Pawlenty’s presidential candidacy was an open secret in Republican political circles long before he made it official in late May. His recruitment of highly prized staff talent earned him buzz in the early months of 2011 as he worked to emerge as the Republican alternative to former Massachusetts governor Mitt Romney.
But, problems soon became apparent.
Pawlenty’s demeanor — he was the definition of “Minnesota Nice” — didn’t fit with an electorate who wanted confrontation with President Obama at all costs. Pawlenty watched as Rep. Michele Bachmann soared past him in the race — channeling the anger of voters who saw compromise in any form as capitulation.
A stroll around the Ames Straw Poll on Saturday showed just how badly Pawlenty had miscalculated what the electorate was looking for.
Bachmann, all soundbites and sunny aggression, was a rock star at the event — her tent mobbed with people ready to man the barricades for her.
Ditto the supporters of Rep. Ron Paul who chanted and roared during the Texas libertarian’s speech — an address larded with talk of removing U.S. troops from conflicts abroad and re-imagining the role of the Federal Reserve.
The Pawlenty tent at the straw poll, on the other hand, felt like a park in a small city. Folks lounged listening to music and eating barbecue while kids danced and jumped around. There was a politeness to it that stood out from the raw emotion elicited by Paul and the keen excitement that permeated Bachmann-land.
The green t-shirts Pawlenty had bought to designate his supporters were ubiquitous but by 2:30 pm the tables where his people could check in to vote were deserted. The problem? Polls were still open for another 90 minutes.
But, it wasn’t just that Pawlenty was running as a conciliator in a time of confrontation. It was that he never seemed to settle on exactly how he wanted to position himself in the race.
When it became clear that the “nice guy” persona wasn’t working, Pawlenty went tough — releasing a series of slickly-produced web videos that portrayed him as something close to a super hero come to save the country from President Obama.
In his final incarnation, Pawlenty tried to seize the “truth teller” spot in the race — coming out against ethanol subsidies during his announcement speech in Des Moines, for example.
While whispers that Pawlenty was less than advertised as a candidate had begun to grow as the summer approached, it all crystallized during a debate in New Hampshire on June 13.
The night before the debate, Pawlenty had seemingly previewed a line of attack during a Sunday show interview, referring to the health care plan pushed by Romney in Massachusetts as “Obamaneycare”.
But, when CNN moderator John King teed up a chance for Pawlenty to directly attack Romney on those grounds during the debate, he demurred.
It became the story of the post-debate analysis and Pawlenty tried to clean up his mess by acknowledging that he had let a golden opportunity slip away.
“I think his refusal to take on Romney in the initial debate was a fatal mistake,” said Mark McKinnon, a Republican strategist unaffiliated with any candidate in the 2012 campaign. “Voters want bold leaders. And that sent a message of weakness and the air went of his buzz, his fundraising, everything at a critical time in the campaign. He never recovered.”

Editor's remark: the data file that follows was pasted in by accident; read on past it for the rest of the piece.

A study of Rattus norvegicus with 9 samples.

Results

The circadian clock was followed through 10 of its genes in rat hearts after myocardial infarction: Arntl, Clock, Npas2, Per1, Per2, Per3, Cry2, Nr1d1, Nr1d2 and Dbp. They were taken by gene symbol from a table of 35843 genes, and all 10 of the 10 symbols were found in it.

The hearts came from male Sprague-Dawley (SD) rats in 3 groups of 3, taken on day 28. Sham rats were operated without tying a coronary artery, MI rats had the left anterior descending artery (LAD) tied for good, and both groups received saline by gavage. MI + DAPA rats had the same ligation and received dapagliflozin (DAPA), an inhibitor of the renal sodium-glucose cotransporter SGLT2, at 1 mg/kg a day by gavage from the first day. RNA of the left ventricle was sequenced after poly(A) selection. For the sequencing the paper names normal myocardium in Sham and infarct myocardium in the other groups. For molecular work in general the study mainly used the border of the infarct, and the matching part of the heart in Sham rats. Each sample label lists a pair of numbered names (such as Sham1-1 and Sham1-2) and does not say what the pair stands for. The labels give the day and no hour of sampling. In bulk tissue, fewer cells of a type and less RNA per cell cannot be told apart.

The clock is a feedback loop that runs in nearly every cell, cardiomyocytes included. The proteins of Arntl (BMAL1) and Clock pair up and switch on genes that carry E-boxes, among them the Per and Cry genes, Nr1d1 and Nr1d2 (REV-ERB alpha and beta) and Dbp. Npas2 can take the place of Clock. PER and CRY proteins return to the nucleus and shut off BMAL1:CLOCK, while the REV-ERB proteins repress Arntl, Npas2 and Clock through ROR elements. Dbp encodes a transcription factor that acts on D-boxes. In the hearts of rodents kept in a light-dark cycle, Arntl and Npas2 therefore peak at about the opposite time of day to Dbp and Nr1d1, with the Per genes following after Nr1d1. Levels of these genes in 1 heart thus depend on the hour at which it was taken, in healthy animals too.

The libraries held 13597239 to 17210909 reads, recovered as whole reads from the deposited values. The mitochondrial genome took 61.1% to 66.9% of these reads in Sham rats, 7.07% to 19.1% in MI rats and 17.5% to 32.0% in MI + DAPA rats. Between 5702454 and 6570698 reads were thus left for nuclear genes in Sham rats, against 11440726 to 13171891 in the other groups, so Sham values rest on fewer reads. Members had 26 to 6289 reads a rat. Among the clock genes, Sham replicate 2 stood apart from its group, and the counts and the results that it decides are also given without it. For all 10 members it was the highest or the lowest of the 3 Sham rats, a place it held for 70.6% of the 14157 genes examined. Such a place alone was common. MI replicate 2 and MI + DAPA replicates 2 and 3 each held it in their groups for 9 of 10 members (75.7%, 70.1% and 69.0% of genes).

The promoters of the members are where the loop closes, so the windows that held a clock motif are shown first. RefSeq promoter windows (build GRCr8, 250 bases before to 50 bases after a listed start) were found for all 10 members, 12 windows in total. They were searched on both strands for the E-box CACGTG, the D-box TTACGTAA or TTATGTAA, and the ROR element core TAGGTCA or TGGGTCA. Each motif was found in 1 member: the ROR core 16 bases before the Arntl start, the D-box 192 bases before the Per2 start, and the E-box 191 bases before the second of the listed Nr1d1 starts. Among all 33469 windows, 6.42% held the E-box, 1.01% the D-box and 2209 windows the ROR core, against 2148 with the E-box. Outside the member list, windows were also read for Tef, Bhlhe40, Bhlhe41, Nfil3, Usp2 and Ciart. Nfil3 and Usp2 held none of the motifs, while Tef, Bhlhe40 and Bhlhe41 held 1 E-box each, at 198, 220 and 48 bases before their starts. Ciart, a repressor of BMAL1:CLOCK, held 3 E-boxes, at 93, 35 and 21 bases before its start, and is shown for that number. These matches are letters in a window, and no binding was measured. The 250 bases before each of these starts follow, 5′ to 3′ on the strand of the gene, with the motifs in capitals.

The most direct — and politically impactful — hit that Pawlenty took was on his fundraising, which aides admitted slowed considerably in the final two weeks of June, a typically critical period for candidates.
When he reported $4.2 million raised in the second quarter — less than one-fourth the total that Romney collected over the same period — the political buzzards began to circle.
Pawlenty retrenched, devoting all of his time and dwindling cash to the straw poll in hopes of wringing momentum from a win there. He also ramped up his attacks on Bachmann, painting her as some with rhetoric not backed up by results.
Republican consultant Curt Anderson called Pawlenty’s decision to attack Bachmann a “crazy strategy because she has an army of supporters and he does not.” Added Anderson: “Even if he scored points against her. . .he would have alienated her supporters in the process who would decide to never support him.”
The strategy didn’t work. Bachmann’s rocket had already gained far too much altitude for Pawlenty to stop its progress. Pawlenty’s third place finish in the straw poll confirmed what many already suspected: his campaign just wasn’t catching on.
Assessing the impact of Pawlenty’s decision on the candidates that remain is difficult because, in truth, he had never made any significant dent in polling — either in Iowa or nationally.
At the most basic level, a Pawlenty-less field makes the Iowa caucuses a two-person race between Bachmann, who cemented her status as the frontrunner with her straw poll win, and Texas Gov. Rick Perry, who entered the race officially on Saturday and is set to stop in Waterloo, Iowa today.
There is a line of thinking that with Perry and Bachmann competing for the votes of social conservatives, Romney, who has been somewhat lukewarm about how much time and money he will spend in Iowa, might have an opening to unify establishment types behind him in the Hawkeye State. It remains to be seen whether the Romney team will adjust their strategy to take advantage of that opportunity — or if one really exists.
As for Pawlenty, his future in the race is as a potentially influential endorser that any of the top tier candidates would like to have.
Given his heated back-and-forth with Bachmann during Thursday’s debate, it’s hard to imagine Pawlenty throwing his political weight behind his home-state colleague.
But both Romney and Perry served as governors alongside Pawlenty and will likely play up those ties if and when they decide to aggressively seek his support.